Polk County 911 bids heading out for construction, vendors
The designs are finalized. The information for bids is nearly compiled. It’s just a matter of finding the contractors and vendors to do the work to re-make Polk County’s 911 facility.
Assistant county manager David McElwee said work is moving forward to finalize the needed information for bids not only for construction on the expansion of the Emergency Management offices to house 911 operations, but also for the much needed equipment upgrades.
McElwee said the most complicated of those – and thus the first to go out for bids from vendors – is the Computer Aided Dispatch, or CAD system.
He said proposals are being gathered now and will not be taken anytime after Nov. 4, so the county can spend ample time figuring out the right solution for local dispatchers.
“We’ll probably spend the rest of November and December meeting with the vendors who submitted proposals and go over what CAD systems they offer and how that will benefit Polk County,” McElwee said.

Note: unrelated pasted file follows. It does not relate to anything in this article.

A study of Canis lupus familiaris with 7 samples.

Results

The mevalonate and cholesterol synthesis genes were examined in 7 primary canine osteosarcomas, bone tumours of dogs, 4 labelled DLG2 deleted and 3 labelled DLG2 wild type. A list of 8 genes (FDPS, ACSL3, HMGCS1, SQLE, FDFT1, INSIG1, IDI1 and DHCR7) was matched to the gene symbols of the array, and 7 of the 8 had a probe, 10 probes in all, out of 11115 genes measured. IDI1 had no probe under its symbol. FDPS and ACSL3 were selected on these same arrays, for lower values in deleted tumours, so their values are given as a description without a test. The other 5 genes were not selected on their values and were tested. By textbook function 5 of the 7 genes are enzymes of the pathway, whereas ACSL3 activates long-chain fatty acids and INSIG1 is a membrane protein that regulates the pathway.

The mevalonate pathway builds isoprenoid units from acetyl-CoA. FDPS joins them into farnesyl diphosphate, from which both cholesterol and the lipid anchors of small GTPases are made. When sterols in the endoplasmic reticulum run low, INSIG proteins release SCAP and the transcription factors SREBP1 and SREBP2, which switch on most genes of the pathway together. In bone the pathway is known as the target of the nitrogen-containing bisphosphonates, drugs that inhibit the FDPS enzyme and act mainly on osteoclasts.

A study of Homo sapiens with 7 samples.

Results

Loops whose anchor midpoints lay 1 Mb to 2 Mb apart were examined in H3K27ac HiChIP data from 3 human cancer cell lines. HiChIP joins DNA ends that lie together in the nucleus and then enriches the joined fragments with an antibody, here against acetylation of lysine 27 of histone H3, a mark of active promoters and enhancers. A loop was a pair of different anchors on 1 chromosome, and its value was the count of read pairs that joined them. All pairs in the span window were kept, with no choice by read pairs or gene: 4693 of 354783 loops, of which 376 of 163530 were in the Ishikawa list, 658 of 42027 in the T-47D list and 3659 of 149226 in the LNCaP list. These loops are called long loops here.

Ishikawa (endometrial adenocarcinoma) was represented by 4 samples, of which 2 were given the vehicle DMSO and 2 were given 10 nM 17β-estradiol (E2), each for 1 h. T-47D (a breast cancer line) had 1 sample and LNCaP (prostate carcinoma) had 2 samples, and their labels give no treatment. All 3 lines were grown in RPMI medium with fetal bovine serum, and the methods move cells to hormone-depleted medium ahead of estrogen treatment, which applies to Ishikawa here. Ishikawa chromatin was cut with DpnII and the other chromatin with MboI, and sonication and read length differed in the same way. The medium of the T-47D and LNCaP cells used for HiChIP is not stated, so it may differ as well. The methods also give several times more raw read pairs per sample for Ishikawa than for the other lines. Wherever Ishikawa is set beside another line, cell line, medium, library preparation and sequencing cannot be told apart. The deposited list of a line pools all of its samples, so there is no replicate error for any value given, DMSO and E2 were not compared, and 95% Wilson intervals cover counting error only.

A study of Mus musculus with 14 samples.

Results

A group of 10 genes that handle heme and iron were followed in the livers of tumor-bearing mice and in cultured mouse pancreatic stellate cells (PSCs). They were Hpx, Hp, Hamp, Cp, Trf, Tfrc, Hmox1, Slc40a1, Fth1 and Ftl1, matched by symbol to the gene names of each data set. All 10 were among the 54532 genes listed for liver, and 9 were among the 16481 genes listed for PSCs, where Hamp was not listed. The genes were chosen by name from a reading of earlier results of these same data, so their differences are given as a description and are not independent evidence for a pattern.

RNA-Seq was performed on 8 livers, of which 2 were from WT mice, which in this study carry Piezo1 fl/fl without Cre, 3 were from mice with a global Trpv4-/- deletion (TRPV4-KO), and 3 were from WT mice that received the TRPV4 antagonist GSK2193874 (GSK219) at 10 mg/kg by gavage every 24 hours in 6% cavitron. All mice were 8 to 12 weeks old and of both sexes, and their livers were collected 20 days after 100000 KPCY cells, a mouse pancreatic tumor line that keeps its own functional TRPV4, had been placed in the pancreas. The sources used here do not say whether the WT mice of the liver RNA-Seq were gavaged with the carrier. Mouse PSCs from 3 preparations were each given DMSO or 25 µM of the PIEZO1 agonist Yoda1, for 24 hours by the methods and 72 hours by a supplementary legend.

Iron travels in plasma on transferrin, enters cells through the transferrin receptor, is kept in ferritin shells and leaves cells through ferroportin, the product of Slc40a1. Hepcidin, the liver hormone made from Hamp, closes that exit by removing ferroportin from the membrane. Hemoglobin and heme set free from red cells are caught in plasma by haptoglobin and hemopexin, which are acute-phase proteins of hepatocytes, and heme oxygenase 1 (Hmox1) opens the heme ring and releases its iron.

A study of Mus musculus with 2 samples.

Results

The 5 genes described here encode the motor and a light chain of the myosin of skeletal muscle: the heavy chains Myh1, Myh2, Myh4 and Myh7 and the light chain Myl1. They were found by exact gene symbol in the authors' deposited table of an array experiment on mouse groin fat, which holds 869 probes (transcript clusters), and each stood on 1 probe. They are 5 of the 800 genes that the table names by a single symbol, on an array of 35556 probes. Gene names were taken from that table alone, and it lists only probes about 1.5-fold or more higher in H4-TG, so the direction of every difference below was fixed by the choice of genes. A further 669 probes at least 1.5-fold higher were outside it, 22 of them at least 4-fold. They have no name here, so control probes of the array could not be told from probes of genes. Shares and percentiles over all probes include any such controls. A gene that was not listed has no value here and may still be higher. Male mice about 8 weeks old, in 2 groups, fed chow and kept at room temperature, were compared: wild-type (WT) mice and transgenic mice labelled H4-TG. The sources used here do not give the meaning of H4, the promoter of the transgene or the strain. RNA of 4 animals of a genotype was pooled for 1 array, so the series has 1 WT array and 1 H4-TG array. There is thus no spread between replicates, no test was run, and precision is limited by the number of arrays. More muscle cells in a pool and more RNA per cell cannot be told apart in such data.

He said his hopes were that County Commissioners might approve a vendor during the early months of 2016 to keep the project moving forward.
McElwee said a pac- kage for construction bids after a finalized design came from Allen Bell Architects in Carrollton was set to go out early this week as well. Bidding will remain open for 30 days, and a decision on who will handle construction on the new facility is expected in early 2016 as well.
“I think we’ll be good to go to move forward on this as quickly as possible,” McElwee said.
The new 911 operations center is to be housed in an addition to the Emergency Management offices in the rear of the building. The new space – which will include an area for 10 dispatchers and operators working together – could also be kept private from the EMA offices if needed, but employees would share kitchen space.
More important in the upgrades is the new equipment that is being purchased with the move in mind, each piece of which will replace computers, radios and more that have been in use for years.
McElwee said previously that part of the problem is that much of the equipment no longer is under any kind of warranty, and thus can’t be easily maintained.
Commissioners discussed plans to move forward with putting the construction project and equipment purchase bids out during the October public safety committee meeting.